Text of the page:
In the shadowy underworld of organized crime, casinos are an ideal place to turn dirty money into legitimate cash, according to a spokesperson from FINTRAC, the federal agency that monitors cases of suspected money laundering and terrorist financing. Casinos have been identified around the world as vulnerable to money laundering and those in BC are no exception, Peter Lamey, spokesperson, said.

"Casinos may appeal to people because they can perform transactions with a great deal of anonymity," he said.

A common scenario involves a drug trafficker with large amounts of cash to convert, Stephen Schneider, professor of criminology at St. Mary's University and author of the book Iced: A History of Organized Crime in Canada, said. "They’ll go to a casino, play a few games, come back, cash their chips and get a cheque."

Any increase in population, will increase crime rates, Sgt. Dave Gray, of the B.C. RCMP’s Integrated Proceeds of Crime unit, said in regards to a potential increase in money laundering due to the expansion and relocation of Edgewater Casino to BC Place.

"The casino has the responsibility to do what they can, but I’m not sure that they have to go beyond that. They’re running a legal business. The cost of extra policing would most likely fall on the taxpayer," Gray said.

A 2006 joint Canada-US Organized Crime Threat Assessment report stated that "the fact that currency in casinos is largely exchanged in the form of chips and stored value cards renders the traceability of funds difficult." The report also stated that casinos in both Canada and the U.S. wire funds across the border.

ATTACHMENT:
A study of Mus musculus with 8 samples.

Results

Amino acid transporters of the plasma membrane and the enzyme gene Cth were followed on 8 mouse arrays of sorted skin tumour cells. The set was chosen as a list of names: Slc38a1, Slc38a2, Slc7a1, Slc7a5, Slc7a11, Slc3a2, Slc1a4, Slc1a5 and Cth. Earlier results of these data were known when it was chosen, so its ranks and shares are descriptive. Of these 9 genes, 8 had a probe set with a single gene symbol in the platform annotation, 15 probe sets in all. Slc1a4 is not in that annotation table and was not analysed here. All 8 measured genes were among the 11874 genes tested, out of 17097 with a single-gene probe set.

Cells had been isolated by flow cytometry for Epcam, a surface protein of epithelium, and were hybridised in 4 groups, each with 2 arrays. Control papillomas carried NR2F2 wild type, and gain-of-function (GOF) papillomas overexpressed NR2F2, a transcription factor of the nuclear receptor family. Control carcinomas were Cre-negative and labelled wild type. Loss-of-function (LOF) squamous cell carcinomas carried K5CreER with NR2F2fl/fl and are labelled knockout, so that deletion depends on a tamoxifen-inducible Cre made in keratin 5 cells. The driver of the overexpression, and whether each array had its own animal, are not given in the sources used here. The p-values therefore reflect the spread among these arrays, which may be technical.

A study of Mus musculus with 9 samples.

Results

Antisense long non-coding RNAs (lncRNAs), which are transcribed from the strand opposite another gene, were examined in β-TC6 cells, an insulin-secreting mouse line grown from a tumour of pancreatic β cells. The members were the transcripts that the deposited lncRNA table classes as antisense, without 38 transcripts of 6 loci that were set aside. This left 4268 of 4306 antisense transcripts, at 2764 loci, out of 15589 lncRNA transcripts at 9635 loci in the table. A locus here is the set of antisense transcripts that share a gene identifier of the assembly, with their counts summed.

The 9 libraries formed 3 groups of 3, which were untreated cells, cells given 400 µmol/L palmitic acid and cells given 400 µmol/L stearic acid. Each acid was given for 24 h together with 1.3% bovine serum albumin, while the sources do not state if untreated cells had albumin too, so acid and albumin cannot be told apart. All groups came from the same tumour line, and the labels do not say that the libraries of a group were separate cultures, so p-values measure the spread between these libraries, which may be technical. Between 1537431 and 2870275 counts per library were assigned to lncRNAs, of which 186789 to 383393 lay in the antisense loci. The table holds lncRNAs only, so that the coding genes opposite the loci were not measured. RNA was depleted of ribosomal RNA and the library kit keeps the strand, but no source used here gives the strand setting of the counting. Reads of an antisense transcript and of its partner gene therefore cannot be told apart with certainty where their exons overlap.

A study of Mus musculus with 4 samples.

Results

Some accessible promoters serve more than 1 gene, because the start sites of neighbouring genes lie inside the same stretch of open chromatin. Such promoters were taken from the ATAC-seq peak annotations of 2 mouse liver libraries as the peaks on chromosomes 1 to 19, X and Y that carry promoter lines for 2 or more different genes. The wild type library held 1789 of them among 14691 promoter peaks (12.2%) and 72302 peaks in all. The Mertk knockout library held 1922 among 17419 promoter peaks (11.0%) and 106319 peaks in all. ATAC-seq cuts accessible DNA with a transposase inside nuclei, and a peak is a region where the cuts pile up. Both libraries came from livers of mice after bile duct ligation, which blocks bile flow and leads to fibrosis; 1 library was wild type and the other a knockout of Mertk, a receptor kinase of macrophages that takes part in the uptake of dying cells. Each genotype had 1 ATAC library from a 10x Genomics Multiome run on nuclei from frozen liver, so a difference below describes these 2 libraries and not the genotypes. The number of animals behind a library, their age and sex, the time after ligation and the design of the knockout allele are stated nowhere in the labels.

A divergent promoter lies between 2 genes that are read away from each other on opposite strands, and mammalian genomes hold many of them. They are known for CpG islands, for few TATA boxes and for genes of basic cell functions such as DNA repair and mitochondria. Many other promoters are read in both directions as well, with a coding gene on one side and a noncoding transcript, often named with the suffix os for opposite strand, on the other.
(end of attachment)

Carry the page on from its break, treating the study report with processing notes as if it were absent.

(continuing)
In the last ten years FINTRAC has referred 2000 cases to police on reasonable grounds for an investigation into money laundering. 20% of those involved some kind of casino transaction, Lamey said. 95% were related to financial institution transactions and 35% involved money service businesses (e.g. Western Union). Casinos were the third most common place for money laundering.

Sgt. Gray told VO that it is difficult to estimate the extent of money laundering. "It totals trillions of dollars globally. The Financial Action Task Force [an inter-governmental body that combats money laundering and terrorist financing] has given up trying to give an estimate."

By law, casinos in Canada are required to report cash transactions over ten thousand dollars to FINTRAC. They are also required to train their staff to pick up on suspicious activity and implement a compliance regime, spokesperson Lamey said.

In a series of articles published this summer, The Vancouver Sun revealed that the system for combating money laundering in B.C. has major weaknesses.

B.C Lotteries Corp. was fined $670,000 by FINTRAC for 1,000 violations  of the Federal Proceeds of Crime and Terrorist Financing Act. At the time, then-Solicitor General Mike de Jong said he was concerned about the potential for organized crime to misuse B.C. casinos and online gaming.

Current Solicitor General Rich Coleman did not respond to VO's requests for an interview.

An internal RCMP report obtained by The Sun found that money laundering by organized crimes is widespead in Canadian casinos, but due to lack of resources and other priorities, police are doing very little to fight it.

Sgt. Gray told The Sun that not a single person has been charged with money laundering at B.C.'s casinos in recent memory.

When contacted by VO, a BCLC spokesperson said that BCLC has filed an appeal with the federal court of appeal of the administrative penality levied by FINTRAC. They declined to comment further on the case. The spokesperson also said that BCLC  had submitted 37, 000 reports to FINTRAC last year and that number is expected to reach 50, 000 this year.